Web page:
Ashley Artese by Ashley Artese

Summer is finally here! Along with the warm weather comes a shift in your clients’ usual schedule as outdoor activities, summer festivals, day and weekend trips to the beach, long vacations and summer activities for their children begin to compete with their dedicated gym time. But don’t let your clients lose focus and write off the summer as a lost cause for fitness. Instead, take advantage of the irregular summer schedule to spice things up both in and out of the gym. Here are a few tips to keep your clients motivated and active all summer long:

  • Set new goals and develop a summer plan: Because the summer occurs at the year’s halfway point, it is a great time to reflect on the goals that were set at the beginning of the year, celebrate accomplishments, perform a follow-up fitness assessment and establish new goals for the second half of the year. Once these goals are set, take the time to develop a summer plan. Make a summer calendar, mapping out any days or weeks where your client will be out of town or will have minimal time for exercise. Develop an action plan for fitting in exercise during those busy weeks as well as ideas for overcoming potential barriers. Remind your clients that any amount of exercise is better than none. Therefore, stress the importance of including at least one day of exercise during those busy weeks to prevent losses in muscle, strength and cardiorespiratory fitness.
  • Take your training sessions outdoors: Change up your clients’ workouts by designing an outdoor body-weight training session, a playground workout or a high-intensity workout in the pool. In addition, take some time to organize an occasional nature trail walk, hike or outdoor sports activity in which your clients can participate together. When planning outdoor activities or workouts, consider morning or evening times to avoid the hottest part of the day and encourage participants to take frequent water breaks throughout the workouts. Consuming sports drinks during intense workouts lasting 60 minutes or longer can be helpful for replacing electrolytes that are lost through sweat.
  • If pressed for time, incorporate high-intensity interval training (HIIT) during your sessions: During busy weeks when your clients may not have as much time to spend in the gym, consider incorporating HIIT workouts into your training sessions. HIIT can produce cardiovascular adaptions that are similar to a steady-state endurance program, but in less time and with lower overall training volume. Additional benefits of HIIT include increased aerobic capacity (Gibala and McGee, 2008), greater muscle oxidative capacity (Gibala et al., 2006), and improved body composition (Gremeaux et al., 2012). Add strength training into the HIIT workout by incorporating strength exercises into the low-intensity intervals.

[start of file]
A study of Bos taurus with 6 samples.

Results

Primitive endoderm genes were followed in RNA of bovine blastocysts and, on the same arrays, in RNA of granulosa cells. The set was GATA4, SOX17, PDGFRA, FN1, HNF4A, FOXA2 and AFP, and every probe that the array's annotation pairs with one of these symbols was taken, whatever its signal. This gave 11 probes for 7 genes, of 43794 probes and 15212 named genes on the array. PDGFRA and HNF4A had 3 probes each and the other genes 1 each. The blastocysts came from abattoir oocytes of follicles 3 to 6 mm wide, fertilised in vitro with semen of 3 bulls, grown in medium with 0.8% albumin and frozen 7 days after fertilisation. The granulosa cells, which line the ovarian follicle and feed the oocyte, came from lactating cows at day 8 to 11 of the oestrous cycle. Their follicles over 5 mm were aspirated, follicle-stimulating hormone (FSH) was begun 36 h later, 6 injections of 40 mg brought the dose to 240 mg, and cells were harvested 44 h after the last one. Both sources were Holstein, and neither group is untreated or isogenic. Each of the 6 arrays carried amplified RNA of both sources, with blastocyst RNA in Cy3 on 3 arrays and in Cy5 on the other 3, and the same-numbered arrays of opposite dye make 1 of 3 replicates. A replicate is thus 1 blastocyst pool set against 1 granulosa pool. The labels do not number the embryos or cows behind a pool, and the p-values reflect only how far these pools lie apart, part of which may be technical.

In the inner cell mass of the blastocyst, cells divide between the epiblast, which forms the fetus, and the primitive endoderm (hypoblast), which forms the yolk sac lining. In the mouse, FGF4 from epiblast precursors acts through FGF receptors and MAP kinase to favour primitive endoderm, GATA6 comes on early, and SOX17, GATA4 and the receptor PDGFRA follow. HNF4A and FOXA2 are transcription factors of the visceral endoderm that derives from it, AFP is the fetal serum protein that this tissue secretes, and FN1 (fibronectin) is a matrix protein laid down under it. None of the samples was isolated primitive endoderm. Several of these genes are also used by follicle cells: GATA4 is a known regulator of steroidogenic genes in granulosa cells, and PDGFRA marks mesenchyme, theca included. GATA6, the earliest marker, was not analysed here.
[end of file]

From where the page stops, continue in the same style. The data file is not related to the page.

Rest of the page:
• Create travel workouts: Create quick and easy workouts that your clients can do while traveling. Design programs that require minimal space and equipment such as body-weight or resistance band programs that can be done anywhere at any time.
  • Encourage clients to try a different gym while on vacation: For those who prefer to use a fitness facility or have longer vacations planned, identify potential gyms or exercise studios where your clients can obtain a guest pass or temporary membership. Take some time to research the area and maybe even contact the facilities for information regarding guest rates and requirements to attend the facility. Providing this information to your clients demonstrates an investment in their goals and supports their overall programming. Also, consider seeking specialized training facilities that offer unique programs or classes to identify exercise opportunities that your clients may not have tried in the past.
  • Create summer challenges: Keep your clients motivated through summer challenges. You can use activity monitors to create a weekly step goal they can strive to reach, create a weekly workout challenge your clients can complete at home or on vacation, or develop a training program to prepare for a race that takes place at the end of the summer. Summer challenges can help your clients stay on track as they work toward a weekly goal and track their overall summer progress.

The summer can be a challenging time to focus on fitness; by helping your clients set goals and create a summer action plan, you can encourage them to make fitness a priority and keep them moving all summer long. No matter what strategies you use, take advantage of the sporadic nature of the summer months to change up your clients’ workouts and encourage them to try something new. Keep the momentum going throughout the summer by developing creative exercise solutions to ensure your clients stay focused, invested and motivated to accomplish their goals.

Want to better engage with your clients to achieve optimal results? Take our Foundations of Program Design for Personal Trainers course to get an in-depth look at the ACE IFT® Model and learn how to program more efficiently for clients of all fitness levels. 


Gibala, M.J. et al. (2006). Short-term sprint interval versus traditional endurance training: similar initial adaptations in human skeletal muscle and exercise performance. The Journal of Physiology, 575, 3, 901–911.

Gibala, M.J. and McGee, S.L. (2008). Metabolic adaptations to short-term high-intensity interval training. Exercise and Sport Sciences Reviews, 36, 2, 58–63.

Gremeaux, V. et al. (2012). Long-term lifestyle intervention with optimized high-intensity interval training improves body composition, cardiometabolic risk, and exercise parameters in patients with abdominal obesity. American Journal of Physical Medicine and Rehabilitation, 91, 11, 941–950.